Two weeks ago, I arrived back in my home city of Denver, Colorado, after a year-long journey around the world. I took 42 flights and visited 17 countries on 6 continents. 

“Wow, welcome back! How was your vacation?”

“Cool! How did you afford to be on vacation for so long?”

And here’s the thing: I wasn’t on vacation for a year. I spent the year working remotely, living as a nomad, and traveling with a program called Remote Year, a company that helps professionals turn their regular jobs into remote jobs. In August 2017, I joined the Remote Year group Yugen, with 57 other professionals giving nomadism a try.

work-travel

Each month, we lived in a different city, all around the world, meaning I spent most of the year taking client calls at all hours of the day and night from a variety of coworking spaces, apartments, and cafes. In between work hours and overcoming jet lag, we explored our constantly-changing host cities, tasted exciting and strange new foods, and tried our best to learn the local language. We even spent a lot of time and effort raising money for our positive impact project, Yugen Build, in which we built transitional homes for people living below the poverty line in Bogotá, Colombia.

work remote

When I was first accepted into Remote Year Yugen, I wasn’t sure how Blue Moon Digital would feel about it. I put together an in-depth proposal about the program itself and the benefits of working remotely. To my (ongoing) surprise, everyone at the agency was incredibly supportive and excited about the opportunity. They helped me organize everything I would need to work remotely. All I needed was strong WiFi, and it would be just like nothing had changed.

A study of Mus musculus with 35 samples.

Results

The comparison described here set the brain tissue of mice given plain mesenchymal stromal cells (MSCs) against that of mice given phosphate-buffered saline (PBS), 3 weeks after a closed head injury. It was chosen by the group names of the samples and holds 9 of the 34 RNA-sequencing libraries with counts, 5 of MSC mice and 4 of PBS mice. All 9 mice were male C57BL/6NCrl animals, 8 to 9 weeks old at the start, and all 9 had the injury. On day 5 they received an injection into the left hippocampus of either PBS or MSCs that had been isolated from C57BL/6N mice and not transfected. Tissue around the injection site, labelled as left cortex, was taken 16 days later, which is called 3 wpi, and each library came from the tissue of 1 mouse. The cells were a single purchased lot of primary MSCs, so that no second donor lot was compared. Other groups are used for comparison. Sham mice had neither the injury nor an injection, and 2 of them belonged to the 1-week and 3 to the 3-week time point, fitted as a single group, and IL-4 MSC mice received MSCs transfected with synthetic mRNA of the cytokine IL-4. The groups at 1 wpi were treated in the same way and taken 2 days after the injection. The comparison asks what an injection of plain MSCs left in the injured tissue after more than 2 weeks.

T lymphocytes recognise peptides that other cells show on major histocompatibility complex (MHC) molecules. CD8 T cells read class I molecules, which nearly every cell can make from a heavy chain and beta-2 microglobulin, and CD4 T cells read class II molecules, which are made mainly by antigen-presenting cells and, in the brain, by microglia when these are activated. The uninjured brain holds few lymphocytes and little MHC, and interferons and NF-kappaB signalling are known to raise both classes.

work remote travel often

This lifestyle of work-travel fusion is still relatively new, but it’s growing in popularity. A recent Gallup poll showed that 43% of the American workforce already works remotely part of the time, and other estimates claim that 20% of the labor force currently has the potential to work remotely full time while traveling. While only a small fraction of that 20% takes advantage of that potential right now,  the visibility of so-called “digital nomads” is growing, leading to more and more people taking the leap and trying out the lifestyle for themselves, either through companies like Remote Year or completely on their own.

backpacking

Blue Moon Digital has always had a remote working policy in place, but I was the first employee to stretch that policy to its limits by working from Morocco, Cambodia, Argentina, etc. While I’m incredibly happy to be back home, putting down some roots again, I wouldn’t give up my experiences over the last year for anything, and I’m incredibly grateful to Blue Moon for supporting my travel bug.